The Press Newspaper
The Oregon school board will slash $2 million from the district’s operating budget for the 2011-12 school year if an emergency operating levy on the November ballot fails, according to a position statement the board is considering.
Superintendent Mike Zalar said Wednesday he expected the board to approve the statement at its meeting the next day. The statement outlines what cuts will be enacted if voters don’t approve the levy.
With $2 million less for operations, a total 20 teaching and support staff positions will be eliminated.
The district will also apply for a waiver from the state to reduce the kindergarten program from all-day everyday to all-day every other day.
Zalar said a plan to close one elementary school and/or reconfigure the district would immediately be implemented and the Career and Tech program offerings would be eliminated.
The position statement also says the board will:
• Eliminate or significantly reduce bus service for all high school students, including parochial.
• Reduce cleaning services in buildings effective January, 2011.
Jockey Ed Schimmel rode the Miracle League’s “Speedy” to a come-from-behind first place photo finish in the Eastern Maumee Bay Chamber of Commerce Charity Derby Horse Race Wednesday night at Oak Shade Grove.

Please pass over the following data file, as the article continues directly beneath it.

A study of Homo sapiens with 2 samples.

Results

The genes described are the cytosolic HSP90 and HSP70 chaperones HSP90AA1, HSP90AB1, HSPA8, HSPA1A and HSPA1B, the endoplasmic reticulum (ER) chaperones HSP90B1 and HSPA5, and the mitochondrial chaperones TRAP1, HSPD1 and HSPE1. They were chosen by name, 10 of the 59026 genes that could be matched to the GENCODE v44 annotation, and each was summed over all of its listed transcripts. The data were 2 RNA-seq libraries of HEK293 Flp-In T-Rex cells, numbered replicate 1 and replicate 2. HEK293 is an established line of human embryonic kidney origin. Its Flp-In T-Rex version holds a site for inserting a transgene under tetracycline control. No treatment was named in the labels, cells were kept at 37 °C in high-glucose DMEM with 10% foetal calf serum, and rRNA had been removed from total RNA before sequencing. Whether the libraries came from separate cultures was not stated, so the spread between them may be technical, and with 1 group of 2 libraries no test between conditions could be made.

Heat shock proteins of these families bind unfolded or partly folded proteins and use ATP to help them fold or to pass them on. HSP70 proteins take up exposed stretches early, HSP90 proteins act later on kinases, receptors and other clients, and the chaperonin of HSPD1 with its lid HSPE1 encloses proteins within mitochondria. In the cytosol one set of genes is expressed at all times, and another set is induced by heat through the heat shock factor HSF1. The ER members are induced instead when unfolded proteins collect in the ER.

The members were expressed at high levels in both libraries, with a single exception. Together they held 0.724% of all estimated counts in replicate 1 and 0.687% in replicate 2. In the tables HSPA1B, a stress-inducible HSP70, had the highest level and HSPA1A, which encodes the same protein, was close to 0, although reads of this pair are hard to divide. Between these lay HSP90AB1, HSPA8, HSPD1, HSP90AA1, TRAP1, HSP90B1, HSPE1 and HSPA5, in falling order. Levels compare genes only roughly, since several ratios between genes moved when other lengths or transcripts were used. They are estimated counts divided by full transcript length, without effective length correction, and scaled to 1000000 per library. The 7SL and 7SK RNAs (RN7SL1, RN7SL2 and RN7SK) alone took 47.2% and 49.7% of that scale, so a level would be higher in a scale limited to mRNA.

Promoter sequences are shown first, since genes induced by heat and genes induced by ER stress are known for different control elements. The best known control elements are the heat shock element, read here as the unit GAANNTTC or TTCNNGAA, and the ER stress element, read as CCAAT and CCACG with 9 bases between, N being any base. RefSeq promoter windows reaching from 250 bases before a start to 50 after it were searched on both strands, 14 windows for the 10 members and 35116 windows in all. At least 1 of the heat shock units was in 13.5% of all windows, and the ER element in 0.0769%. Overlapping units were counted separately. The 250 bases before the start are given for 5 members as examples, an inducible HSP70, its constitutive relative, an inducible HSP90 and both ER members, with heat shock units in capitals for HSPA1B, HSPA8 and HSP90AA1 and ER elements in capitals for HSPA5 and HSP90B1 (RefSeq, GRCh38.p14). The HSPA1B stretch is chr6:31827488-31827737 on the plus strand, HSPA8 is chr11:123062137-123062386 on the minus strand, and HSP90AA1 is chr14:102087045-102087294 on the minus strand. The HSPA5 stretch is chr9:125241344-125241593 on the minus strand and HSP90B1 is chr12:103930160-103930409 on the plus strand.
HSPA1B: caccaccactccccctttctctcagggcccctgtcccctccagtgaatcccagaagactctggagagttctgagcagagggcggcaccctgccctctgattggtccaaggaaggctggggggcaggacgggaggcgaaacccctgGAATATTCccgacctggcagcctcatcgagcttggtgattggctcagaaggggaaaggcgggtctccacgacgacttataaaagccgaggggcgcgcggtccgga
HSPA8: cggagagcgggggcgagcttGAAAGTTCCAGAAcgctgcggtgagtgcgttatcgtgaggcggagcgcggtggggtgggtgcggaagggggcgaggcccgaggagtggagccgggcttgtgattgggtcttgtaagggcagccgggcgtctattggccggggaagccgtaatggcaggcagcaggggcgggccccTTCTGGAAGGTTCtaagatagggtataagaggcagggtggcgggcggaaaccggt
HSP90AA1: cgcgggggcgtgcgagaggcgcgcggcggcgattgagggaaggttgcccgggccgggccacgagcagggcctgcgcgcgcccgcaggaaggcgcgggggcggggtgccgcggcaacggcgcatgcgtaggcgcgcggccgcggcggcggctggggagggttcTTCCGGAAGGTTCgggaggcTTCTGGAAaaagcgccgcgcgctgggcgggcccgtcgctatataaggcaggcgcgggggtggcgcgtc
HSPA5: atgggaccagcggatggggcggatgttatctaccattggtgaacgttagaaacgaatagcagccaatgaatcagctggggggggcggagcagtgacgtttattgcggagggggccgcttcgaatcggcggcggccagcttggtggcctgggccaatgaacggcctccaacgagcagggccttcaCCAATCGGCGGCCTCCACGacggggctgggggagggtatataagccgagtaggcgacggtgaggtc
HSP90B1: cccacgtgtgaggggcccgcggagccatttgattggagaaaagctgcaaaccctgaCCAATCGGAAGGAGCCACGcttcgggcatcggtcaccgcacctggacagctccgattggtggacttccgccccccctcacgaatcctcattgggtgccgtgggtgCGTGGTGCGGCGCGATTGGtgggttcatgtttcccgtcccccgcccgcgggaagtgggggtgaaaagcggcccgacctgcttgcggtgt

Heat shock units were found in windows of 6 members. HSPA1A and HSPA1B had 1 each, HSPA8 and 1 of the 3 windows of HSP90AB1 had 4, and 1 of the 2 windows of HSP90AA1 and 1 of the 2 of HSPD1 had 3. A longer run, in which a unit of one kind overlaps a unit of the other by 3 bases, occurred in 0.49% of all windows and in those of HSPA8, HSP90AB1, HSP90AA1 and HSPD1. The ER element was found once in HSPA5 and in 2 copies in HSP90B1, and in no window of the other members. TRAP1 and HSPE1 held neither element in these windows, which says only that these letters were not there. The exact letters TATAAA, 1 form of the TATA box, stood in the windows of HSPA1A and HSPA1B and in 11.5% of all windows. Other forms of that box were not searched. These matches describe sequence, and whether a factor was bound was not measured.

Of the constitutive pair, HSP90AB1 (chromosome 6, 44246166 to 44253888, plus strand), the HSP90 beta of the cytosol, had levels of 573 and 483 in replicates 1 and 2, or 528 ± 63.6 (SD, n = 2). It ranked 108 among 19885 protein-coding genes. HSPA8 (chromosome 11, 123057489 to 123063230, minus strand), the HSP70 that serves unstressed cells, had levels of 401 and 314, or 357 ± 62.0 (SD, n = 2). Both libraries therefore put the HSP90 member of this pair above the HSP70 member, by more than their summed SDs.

About 75 people arrived for the stick horse stakes race, which accompanied the chamber’s annual steak roast.
Along with hundreds of dollars raised through raffles and a silent auction for three other charities designated by the chamber, six horses were auction for a total of nearly $1,000. The three horses with the top auction value were entered into the derby.
High school freshman Paul Cox III is planning to join the Marines after high school. Afterwards, he wants to work
in the maritime industry.
“I would love nothing more than to just be out on the water for weeks at a time and just be out on a boat. It’s just calming for me to be out on the water,” said Paul.
Paul lives in Oregon with his parents Paul II and Julie Cox. Like his older brother and younger sister, Paul III was home-schooled — until last year.
After looking into parochial and public schools, Paul and his family began researching charter high schools. Paul decided he wanted to attend The Maritime Academy of Toledo, a grade 5-12 nautical themed public school located on Water Street adjacent to the Maumee River near downtown.
Paul enrolled into the academy’s eighth grade class one year ago, and like other students there, he is referred to as a “cadet.”
Students can graduate with a high school diploma and earn a two-year college degree at the same time. Now that he is a freshman at TMAT, Paul is also taking post-secondary classes at Lourdes College.
Genoa Village Council will review the hiring ordinance once village staff, including Village Administrator Garth Reynolds, speaks to the contractor. They were expected to do so last Thursday.
Four bids were opened and one contractor was the low bidder, coming in around $102,000, Reynolds said. The engineer’s estimate was $109,500.
Reynolds, in a telephone interview Wednesday afternoon, would not name the contractor until his administrative team had a chance to talk to the principals of the company.
“They are relatively new to this,” Reynolds said of repaving work. “What they primarily were before was a sealing company. We just want to sit down and talk and make sure we are all on the same page regarding what needs to be done.”
The project involves six streets across the western Ottawa County village and an alley.